Investors seeking to boost their profits from rises or falls in equity indices – but without some of the risks associated with spread bets and structured products – can now buy into a new range of exchange traded funds (ETFs).
This week, ETF Securities launched the first “double-leveraged” tracker funds to be backed by multiple counterparties, rather than a single bank, and hold collateral in excess of regulatory minimum.
These ETFs generate returns equivalent to two times the rise, or two times the fall, in the FTSE 100, Dax or Dow Jones – by tracking special double-leveraged or double-short versions of these three indices. For example, if the underlying index falls by 2 per cent in a day, the ETF tracking the two-times leveraged index will fall in price by 4 per cent, but the ETF tracking the two-times short index will rise in price by 4 per cent – and vice versa.
So, in effect, the new funds allow private investors to gain long or short exposure to the UK, US and German stock markets, and try to profit from moves in either direction.
Like a number of equity ETFs, these newly-listed funds from ETF Securities rely on instruments called index swaps, issued by counterparty banks, to produce returns in line with the stock market indices. But, unlike existing ETFs, each of the double-leveraged funds will use index swaps issued by up to six different banks to minimise the risk of one counterparty going bust.
This risk was highlighted last year when ETF Securities’ commodity trackers were hit by the near collapse of their single counterparty, AIG, and a number of structured products lost money following the bankruptcy of Lehman Brothers.
In addition, collateral to the value of more than 90 per cent of the counterparty exposure – the minimum required under the Ucits III regulations – will be held. This will allow ETF Securities to close out an index swap position with any bank in difficulty, and re-open one with another counterparty.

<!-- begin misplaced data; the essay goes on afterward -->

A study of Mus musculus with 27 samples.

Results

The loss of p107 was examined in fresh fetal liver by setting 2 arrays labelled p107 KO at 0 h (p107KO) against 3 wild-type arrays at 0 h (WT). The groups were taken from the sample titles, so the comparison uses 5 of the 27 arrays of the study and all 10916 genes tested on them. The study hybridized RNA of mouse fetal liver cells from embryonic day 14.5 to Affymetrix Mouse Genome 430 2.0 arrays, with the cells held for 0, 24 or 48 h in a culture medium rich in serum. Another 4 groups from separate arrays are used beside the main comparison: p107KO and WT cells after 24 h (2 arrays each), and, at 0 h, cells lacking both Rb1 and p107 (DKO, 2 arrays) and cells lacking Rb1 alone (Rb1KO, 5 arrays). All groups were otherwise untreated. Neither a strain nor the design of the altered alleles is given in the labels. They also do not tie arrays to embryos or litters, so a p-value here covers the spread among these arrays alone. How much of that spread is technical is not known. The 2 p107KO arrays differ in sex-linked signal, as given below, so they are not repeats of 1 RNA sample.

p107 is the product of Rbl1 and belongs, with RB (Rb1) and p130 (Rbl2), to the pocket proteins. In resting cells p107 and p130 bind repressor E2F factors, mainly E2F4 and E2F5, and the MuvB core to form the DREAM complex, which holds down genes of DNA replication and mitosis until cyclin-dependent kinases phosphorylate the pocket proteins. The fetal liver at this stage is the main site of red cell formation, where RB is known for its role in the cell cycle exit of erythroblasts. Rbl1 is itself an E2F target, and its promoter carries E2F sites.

According to the company, these “third generation” ETFs have been designed in response to “investor demands for increased levels of transparency, liquidity and counterparty-risk management”. It believes their listed fund status will also appeal to investors who do not wish to be exposed to unlimited losses on spread bets.
“From a risk point of view, it’s more robust than the single bank swap model,” said Hector MacNeil, head of sales and marketing at ETF Securities. “And, under the multiple swap model, up to six banks will be providing liquidity.”
However, other ETF providers suggest that the additional cost and complication of using multiple counterparties for a simple index tracker may deter investors.
Db x-trackers offers unleveraged long and short ETFs on the FTSE 100 and a selection of US, European and Asian indices, and believes that using its parent , Deutsche Bank, as the index swap counterparty provides reassurance, while keeping charges down.
“ETFs are low-cost products and you want to make sure costs are as low as possible,” said Manooj Mistry, head of UK ETFs. “When you introduce complexity and multiple counterparties, the cost aspect has to be absorbed by providers or passed on to investors.” Db x-trackers’ FTSE 100 Short ETF has an annual fee of 0.5 per cent while ETF Securities’ FTSE 100 Super Short Strategy (2x) ETF has a total expense ratio of 0.6 per cent. Mistry added that the db x-trackers’ ETFs are “between 95 and 100 per cent collateralised at all times”.
Lyxor also prefers to use its parent bank, SocGen, as the counterparty for the index swaps on its ETFs. It does not offer short or leveraged funds, but has some of the lowest annual charges for conventional long ETFs, ranging from 0.3 per cent on its FTSE 100 ETF to 0.65 per cent for its MSCI Emerging Markets tracker.